IMG 0540fi 800x425 - Thames Embankment opened 150 years ago

Thames Embankment opened 150 years ago

Its 150 years exactly since the Victoria Embankment opened to the public. The date in question was Thursday 30th June 1868 and the ceremony took place at Temple Stairs. The main official opening itself did not take place for another two years however. For the first time ever in July 1868 the public were able to walk through from Blackfriars to Westminster along the new riverside the new piers en route came into use. The subway beneath the surface of the walkway and the sewers below all this were too completed at the time.


Another important event that took place on this day was the opening of the Abbey Mills works, to which the new sewers flowed. Boats were on hand to take people from Temple pier to Abbey Mills to view Bazalgette’s new pumping station. Curiously one wonders how this would have worked as it would have involved a trip on the tidal Bow Creek, Channelsea River and Abbey Creek. Examination of the situation afforded on that day appears to show the tides would have been favourable in the afternoon and early evening, so it is possible, even though it is not reported anywhere, that these special boat services operated in the afternoon only.


There are a number of photographs of the construction of the Thames Embankment however these are directly related to the building of the Metropolitan District Line and apparently the only photographs in existence. No photographs it seems exist of this first major section of the Thames Embankment to be opened nor of the Royal opening in July 1870 and I assume the Metropolitan District Railway had no interest in sending its official photographer along to these events.


At the time the facility was simply known as the Thames Embankment North and it would be sometime before the name of the current queen was bestowed along with the Thames Embankment South receiving the name of Albert. The other part of the scheme further west became known as the Chelsea Embankment,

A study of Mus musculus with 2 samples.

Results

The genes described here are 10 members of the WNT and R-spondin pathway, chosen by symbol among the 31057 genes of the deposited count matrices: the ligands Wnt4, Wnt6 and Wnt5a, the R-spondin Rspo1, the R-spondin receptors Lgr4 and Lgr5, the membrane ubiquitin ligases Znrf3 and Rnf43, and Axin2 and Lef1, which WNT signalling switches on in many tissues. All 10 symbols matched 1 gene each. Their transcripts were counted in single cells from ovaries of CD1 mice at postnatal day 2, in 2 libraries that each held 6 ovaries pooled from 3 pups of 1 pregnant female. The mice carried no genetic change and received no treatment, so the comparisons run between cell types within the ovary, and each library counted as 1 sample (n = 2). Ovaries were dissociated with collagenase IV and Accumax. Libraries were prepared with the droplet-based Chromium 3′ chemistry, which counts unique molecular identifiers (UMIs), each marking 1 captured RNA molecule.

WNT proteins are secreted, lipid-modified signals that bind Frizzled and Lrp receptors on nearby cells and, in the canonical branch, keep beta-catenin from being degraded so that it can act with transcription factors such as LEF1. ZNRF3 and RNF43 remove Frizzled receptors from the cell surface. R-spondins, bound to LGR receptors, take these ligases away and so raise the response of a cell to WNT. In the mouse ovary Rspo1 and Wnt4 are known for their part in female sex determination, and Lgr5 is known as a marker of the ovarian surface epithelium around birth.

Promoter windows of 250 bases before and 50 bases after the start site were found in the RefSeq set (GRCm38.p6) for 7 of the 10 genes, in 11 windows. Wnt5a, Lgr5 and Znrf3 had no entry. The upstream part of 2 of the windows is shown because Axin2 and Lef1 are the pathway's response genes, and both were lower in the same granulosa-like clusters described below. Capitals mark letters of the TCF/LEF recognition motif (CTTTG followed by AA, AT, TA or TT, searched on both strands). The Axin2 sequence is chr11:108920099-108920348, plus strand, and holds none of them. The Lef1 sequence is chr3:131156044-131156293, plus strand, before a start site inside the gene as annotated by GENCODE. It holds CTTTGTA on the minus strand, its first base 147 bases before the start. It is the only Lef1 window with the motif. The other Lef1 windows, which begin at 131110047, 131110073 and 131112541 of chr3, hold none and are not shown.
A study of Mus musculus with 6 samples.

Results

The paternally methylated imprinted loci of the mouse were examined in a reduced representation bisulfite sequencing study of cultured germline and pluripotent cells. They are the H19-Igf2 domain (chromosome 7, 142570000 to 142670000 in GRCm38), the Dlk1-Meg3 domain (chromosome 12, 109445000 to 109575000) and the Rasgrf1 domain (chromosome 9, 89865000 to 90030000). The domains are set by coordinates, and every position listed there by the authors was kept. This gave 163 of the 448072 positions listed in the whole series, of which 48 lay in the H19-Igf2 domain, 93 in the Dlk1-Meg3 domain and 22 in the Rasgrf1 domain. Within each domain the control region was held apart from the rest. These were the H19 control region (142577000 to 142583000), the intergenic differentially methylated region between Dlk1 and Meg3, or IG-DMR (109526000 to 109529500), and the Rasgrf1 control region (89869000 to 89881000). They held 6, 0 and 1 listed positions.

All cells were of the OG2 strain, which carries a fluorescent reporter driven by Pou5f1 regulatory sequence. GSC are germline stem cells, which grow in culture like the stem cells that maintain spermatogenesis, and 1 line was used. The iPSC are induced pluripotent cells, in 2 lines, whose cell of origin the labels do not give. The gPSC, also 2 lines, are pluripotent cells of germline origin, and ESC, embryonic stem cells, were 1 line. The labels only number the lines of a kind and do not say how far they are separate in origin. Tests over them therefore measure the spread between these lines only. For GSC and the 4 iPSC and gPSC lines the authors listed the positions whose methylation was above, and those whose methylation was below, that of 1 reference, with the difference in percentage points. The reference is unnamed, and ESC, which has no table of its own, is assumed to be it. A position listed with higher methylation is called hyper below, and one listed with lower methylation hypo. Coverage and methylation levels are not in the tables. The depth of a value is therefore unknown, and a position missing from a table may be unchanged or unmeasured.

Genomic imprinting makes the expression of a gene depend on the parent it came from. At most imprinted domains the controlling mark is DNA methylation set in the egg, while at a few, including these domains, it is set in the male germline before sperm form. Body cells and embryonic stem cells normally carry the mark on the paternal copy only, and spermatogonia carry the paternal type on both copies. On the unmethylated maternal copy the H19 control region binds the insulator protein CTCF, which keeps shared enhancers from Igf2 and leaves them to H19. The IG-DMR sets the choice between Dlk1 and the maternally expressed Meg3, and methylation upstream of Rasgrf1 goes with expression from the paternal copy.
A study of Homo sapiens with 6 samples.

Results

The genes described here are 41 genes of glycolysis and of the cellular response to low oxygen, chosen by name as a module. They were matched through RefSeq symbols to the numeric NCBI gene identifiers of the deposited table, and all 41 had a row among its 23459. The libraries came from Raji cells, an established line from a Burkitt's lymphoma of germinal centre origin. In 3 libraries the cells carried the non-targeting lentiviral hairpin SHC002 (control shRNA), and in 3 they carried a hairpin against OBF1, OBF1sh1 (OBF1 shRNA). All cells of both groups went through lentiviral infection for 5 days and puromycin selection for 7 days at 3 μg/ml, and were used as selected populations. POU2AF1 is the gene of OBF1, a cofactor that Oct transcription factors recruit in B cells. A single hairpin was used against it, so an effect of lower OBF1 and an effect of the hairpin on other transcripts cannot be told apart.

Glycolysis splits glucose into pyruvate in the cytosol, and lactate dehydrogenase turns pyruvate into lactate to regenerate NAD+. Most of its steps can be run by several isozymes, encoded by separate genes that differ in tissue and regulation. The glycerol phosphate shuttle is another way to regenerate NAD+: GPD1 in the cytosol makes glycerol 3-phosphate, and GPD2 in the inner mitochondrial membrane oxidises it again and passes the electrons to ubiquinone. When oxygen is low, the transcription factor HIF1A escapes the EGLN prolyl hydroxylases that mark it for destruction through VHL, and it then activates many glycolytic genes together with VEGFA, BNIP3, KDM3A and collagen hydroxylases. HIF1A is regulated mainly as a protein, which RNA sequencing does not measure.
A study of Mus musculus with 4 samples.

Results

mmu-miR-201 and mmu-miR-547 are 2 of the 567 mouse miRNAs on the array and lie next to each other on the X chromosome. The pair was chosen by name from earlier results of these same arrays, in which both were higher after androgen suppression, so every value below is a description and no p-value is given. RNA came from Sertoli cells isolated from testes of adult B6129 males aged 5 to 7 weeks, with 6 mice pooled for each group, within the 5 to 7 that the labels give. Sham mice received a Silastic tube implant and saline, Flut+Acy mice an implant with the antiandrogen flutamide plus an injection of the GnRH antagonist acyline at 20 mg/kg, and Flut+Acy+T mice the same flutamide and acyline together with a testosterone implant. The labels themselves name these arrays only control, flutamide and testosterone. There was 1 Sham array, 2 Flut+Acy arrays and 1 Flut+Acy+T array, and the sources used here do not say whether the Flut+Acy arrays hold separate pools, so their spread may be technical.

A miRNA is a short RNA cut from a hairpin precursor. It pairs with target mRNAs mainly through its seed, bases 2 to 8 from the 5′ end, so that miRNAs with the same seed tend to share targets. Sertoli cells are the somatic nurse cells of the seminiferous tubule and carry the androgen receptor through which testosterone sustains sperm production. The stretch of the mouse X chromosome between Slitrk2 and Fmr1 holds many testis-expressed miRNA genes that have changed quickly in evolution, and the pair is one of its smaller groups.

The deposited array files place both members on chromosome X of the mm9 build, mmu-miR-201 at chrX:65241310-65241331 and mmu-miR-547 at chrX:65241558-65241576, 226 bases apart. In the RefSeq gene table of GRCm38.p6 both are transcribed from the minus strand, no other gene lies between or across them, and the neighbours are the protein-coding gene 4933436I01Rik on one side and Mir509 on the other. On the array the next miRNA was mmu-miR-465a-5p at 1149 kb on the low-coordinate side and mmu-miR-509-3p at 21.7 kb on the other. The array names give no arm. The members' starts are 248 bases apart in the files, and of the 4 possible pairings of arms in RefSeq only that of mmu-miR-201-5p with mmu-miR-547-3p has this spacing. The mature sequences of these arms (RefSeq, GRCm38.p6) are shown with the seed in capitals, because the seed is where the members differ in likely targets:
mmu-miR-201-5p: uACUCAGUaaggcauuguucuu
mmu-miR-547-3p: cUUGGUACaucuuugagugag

The royal opening by the then Princess of Wales and Princess Louise, took place in July 1870. Queen Victoria was meant to officiate however she was indisposed. At this time the works were still not completely finished though pedestrians and traffic could now use the entire route throughout. There were other ceremonies during the different stages of construction and completion of the works, including the laying of a number of foundation stones.


The retrenchment of the River Thames had long been proposed with Sir Christopher Wren himself putting forward the earliest scheme on record for a new road alongside the river. This and many others that predated the 1860s were never carried out. Some lovely schemes including aqueducts, locks, docks and elevated railways were drawn up. They were expensive though. It was the health problems that London faced, especially the cholera epidemic, which prompted an urgency to do something. It was exceedingly expensive and involved new riverside embankments, an underground railway and a gigantic sewer distribution system. Of course the person behind the plans was no other than Joseph Bazalgette – the engineer responsible for solving many of London’s problems of the time.


Bazalgette too was responsible for the new underground railway that would run beneath the surface of his new Thames Embankment. This part of the project proved to be the most difficult as the reclaimed land had to be drained fully, backfilled, compounded and then the railway’s tunnels built by cut and cover. Between 1868 and 1870 people walking along the new Embankment were able to observe the building of the new underground railway at close hand. The new roadway above was not completed until early July 1870 and some other parts were not finished until 1872.